Voices in Education

Deeper Learning and the Common Core
The first things I noticed when I walked into classrooms at International High School at Prospect Heights in Brooklyn were the dictionaries. In every room, students sat in groups, and in the middle of the groups they placed their language dictionaries: Spanish-English, Uzbek-English, French-English, and more.

The students needed the dictionaries because they were still learning English. Like the students in all the schools in the Internationals network (a group of fourteen high schools, mostly in New York City), students had been in the United States for four years or less and scored at the lowest levels on the state English proficiency exam. But the school did not wait until the students reached proficiency in the language before engaging them in challenging projects that asked them to make arguments backed by evidence, to analyze the arguments of their peers, to communicate what they learned to experts, and to work together with their fellow immigrant-students (see “Diving into Deeper Learning,” Harvard Education Letter, March/April 2013).

These deeper learning competencies serve the students well when they go to college, which most of them do. As the principal, Nedda DeCastro, told me, graduates of the school return and tell her how the work they did in class at International prepared them for higher education much better than the basic skills measured on the state test. “Kids come back and say, ‘It’s amazing—the way they ask me to write papers is exactly the way our teachers asked me to write papers,’” she says. “They never talk about the Regents.”

The type of learning that is routine at International is about to become more common in schools across the United States. The Common Core State Standards, which forty-six states and the District of Columbia have adopted, call for deeper learning in a variety of ways, in both English language arts and mathematics. If implemented effectively—a big if—students will be doing a lot more of the kinds of things students at International do daily.

For example, the English language arts standards place a strong emphasis on critical thinking: being able to argue from evidence and evaluate the arguments of others. The first “anchor standards” for reading and writing underline this emphasis. The reading standard states: “Read closely to determine what the text says explicitly and to make logical inferences from it; cite specific textual evidence when writing or speaking to support conclusions drawn from the text.” A writing standard states: “Write arguments to support claims in an analysis of substantive topics or texts, using valid reasoning and relevant and sufficient evidence.” Another writing standard states: “Draw evidence from literary and informational text to support analysis, reflection, and research.”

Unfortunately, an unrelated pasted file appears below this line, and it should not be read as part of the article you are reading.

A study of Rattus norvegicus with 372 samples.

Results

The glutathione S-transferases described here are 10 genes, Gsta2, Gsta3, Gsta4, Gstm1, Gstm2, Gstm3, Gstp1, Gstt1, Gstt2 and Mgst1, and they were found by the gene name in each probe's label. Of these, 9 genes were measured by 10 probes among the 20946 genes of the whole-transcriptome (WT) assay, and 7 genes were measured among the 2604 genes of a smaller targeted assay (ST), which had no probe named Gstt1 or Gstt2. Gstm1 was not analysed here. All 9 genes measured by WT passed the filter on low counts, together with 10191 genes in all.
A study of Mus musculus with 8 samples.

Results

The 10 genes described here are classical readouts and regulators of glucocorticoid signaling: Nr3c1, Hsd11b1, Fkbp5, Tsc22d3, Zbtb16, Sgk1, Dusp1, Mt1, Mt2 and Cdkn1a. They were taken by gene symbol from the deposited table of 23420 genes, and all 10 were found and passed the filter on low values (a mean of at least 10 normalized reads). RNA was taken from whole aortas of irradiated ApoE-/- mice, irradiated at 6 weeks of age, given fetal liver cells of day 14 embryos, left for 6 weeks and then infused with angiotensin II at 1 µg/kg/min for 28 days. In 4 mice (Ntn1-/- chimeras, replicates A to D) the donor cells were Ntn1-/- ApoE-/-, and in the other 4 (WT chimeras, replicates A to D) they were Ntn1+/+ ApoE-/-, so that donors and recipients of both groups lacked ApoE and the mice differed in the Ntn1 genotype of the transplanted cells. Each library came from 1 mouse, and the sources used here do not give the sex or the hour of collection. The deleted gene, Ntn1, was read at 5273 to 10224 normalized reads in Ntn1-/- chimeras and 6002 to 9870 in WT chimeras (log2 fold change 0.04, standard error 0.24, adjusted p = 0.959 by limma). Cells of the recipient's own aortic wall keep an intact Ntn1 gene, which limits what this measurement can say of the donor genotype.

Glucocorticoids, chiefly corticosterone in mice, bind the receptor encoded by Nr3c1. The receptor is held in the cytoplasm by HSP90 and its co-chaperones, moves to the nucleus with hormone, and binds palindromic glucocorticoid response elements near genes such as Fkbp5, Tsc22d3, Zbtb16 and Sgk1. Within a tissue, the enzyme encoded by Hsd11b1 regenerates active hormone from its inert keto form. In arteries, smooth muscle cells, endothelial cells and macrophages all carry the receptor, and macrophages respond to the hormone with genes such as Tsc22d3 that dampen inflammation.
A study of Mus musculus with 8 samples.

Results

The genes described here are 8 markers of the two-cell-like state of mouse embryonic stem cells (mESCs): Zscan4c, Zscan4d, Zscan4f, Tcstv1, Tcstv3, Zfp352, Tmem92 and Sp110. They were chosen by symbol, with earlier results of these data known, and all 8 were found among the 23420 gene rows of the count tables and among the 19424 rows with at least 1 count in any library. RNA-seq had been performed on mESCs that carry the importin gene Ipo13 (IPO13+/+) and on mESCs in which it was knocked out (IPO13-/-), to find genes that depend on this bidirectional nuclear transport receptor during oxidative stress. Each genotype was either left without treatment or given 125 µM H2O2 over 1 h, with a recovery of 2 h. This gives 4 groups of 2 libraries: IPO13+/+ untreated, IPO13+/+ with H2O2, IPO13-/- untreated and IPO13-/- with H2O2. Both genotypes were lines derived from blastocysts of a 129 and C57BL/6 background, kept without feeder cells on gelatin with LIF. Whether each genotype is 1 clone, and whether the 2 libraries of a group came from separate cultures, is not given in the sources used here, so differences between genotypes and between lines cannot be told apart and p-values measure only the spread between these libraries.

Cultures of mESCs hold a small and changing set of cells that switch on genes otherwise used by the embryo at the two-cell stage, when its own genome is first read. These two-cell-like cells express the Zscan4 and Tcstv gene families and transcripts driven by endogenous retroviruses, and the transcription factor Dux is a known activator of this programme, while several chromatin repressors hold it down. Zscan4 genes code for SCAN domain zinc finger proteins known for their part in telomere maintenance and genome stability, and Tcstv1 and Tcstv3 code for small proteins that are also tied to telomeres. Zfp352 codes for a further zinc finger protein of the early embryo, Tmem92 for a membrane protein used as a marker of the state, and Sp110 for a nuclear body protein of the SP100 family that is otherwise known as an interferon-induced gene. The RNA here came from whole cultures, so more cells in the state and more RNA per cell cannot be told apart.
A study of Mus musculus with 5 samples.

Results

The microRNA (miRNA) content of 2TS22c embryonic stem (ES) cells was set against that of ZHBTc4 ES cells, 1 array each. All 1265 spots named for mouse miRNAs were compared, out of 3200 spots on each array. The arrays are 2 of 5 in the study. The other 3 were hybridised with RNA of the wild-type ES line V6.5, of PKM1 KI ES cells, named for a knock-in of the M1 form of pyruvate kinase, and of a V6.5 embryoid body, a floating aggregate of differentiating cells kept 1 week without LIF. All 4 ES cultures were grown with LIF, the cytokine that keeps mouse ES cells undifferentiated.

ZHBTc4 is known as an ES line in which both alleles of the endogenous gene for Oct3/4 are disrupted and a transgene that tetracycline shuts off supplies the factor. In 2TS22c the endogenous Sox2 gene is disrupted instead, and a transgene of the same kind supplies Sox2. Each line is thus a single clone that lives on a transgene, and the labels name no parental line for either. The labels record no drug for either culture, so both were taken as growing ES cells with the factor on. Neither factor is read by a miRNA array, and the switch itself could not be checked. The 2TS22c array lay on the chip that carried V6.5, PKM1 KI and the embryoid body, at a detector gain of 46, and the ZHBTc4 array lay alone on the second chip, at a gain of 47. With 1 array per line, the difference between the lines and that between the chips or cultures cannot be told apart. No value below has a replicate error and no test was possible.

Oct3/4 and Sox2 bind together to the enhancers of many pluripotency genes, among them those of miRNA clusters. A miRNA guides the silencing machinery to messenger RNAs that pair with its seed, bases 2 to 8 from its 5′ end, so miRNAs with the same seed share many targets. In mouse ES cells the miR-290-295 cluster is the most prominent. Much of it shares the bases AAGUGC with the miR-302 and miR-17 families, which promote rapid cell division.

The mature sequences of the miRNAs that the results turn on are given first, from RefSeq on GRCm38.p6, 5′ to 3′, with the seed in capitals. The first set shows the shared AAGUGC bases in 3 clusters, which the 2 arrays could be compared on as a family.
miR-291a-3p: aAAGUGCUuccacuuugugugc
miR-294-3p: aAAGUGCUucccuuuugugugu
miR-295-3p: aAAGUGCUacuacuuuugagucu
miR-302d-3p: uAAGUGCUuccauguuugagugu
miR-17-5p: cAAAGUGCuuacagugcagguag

The speaking and listening standards also require students to attend to and use evidence. For example, in fifth grade, students should be able to “review the key ideas expressed and draw conclusions in light of information and knowledge gained from the discussions.” By grade seven, students should be able to “analyze the main ideas and supporting details presented in diverse media and formats…and explain how the ideas clarify a topic, text, or issue under study.” By grades nine and ten, students should also be able to “present information, findings, and supporting evidence.”

The mathematics standards, likewise, place a strong emphasis on students’ ability to use their knowledge to solve problems. The first standard for mathematical practice is “Make sense of problems and persevere in solving them.” Another states, “Construct viable arguments and critique the reasoning of others.”

DeCastro told me that, because of her school’s longstanding practice of infusing deeper learning into the curriculum, implementing the Common Core State Standards will not be much of a lift for International’s faculty. But for many other teachers, who might be accustomed to teaching in more traditional ways, the Common Core might be a bigger change. There is a strong need for professional development to help teachers understand ways to teach that will enable all students to meet the standards. And, as a 2012 National Research Council (NRC) report on deeper learning concluded, a lot will depend on the assessments that are being developed to measure student performance against the Common Core. Because of the influence of testing on instruction, if the tests assess what the standards expect, schools will be more likely to change in that direction.

At this point, according to a recent study by Joan Herman and Bob Linn of the Center for Research on Evaluation, Standards, and Student Testing at the University of California, Los Angeles, the assessments appear promising. The study found that the specifications for test items and tasks suggest a large proportion of items will measure deeper learning. Educators and policy makers should be doing all they can to make sure the assessments are strong and that professional development is ample. As the NRC report found, there is evidence that those deeper learning competencies are associated with positive outcomes for youths. All young people deserve the kind of instruction students at International are getting.

About the Author: Robert Rothman is a senior fellow at the Alliance for Excellent Education.  He is the author of Something in Common: The Common Core Standards and the Next Chapter in American Education (Harvard Education Press, 2011).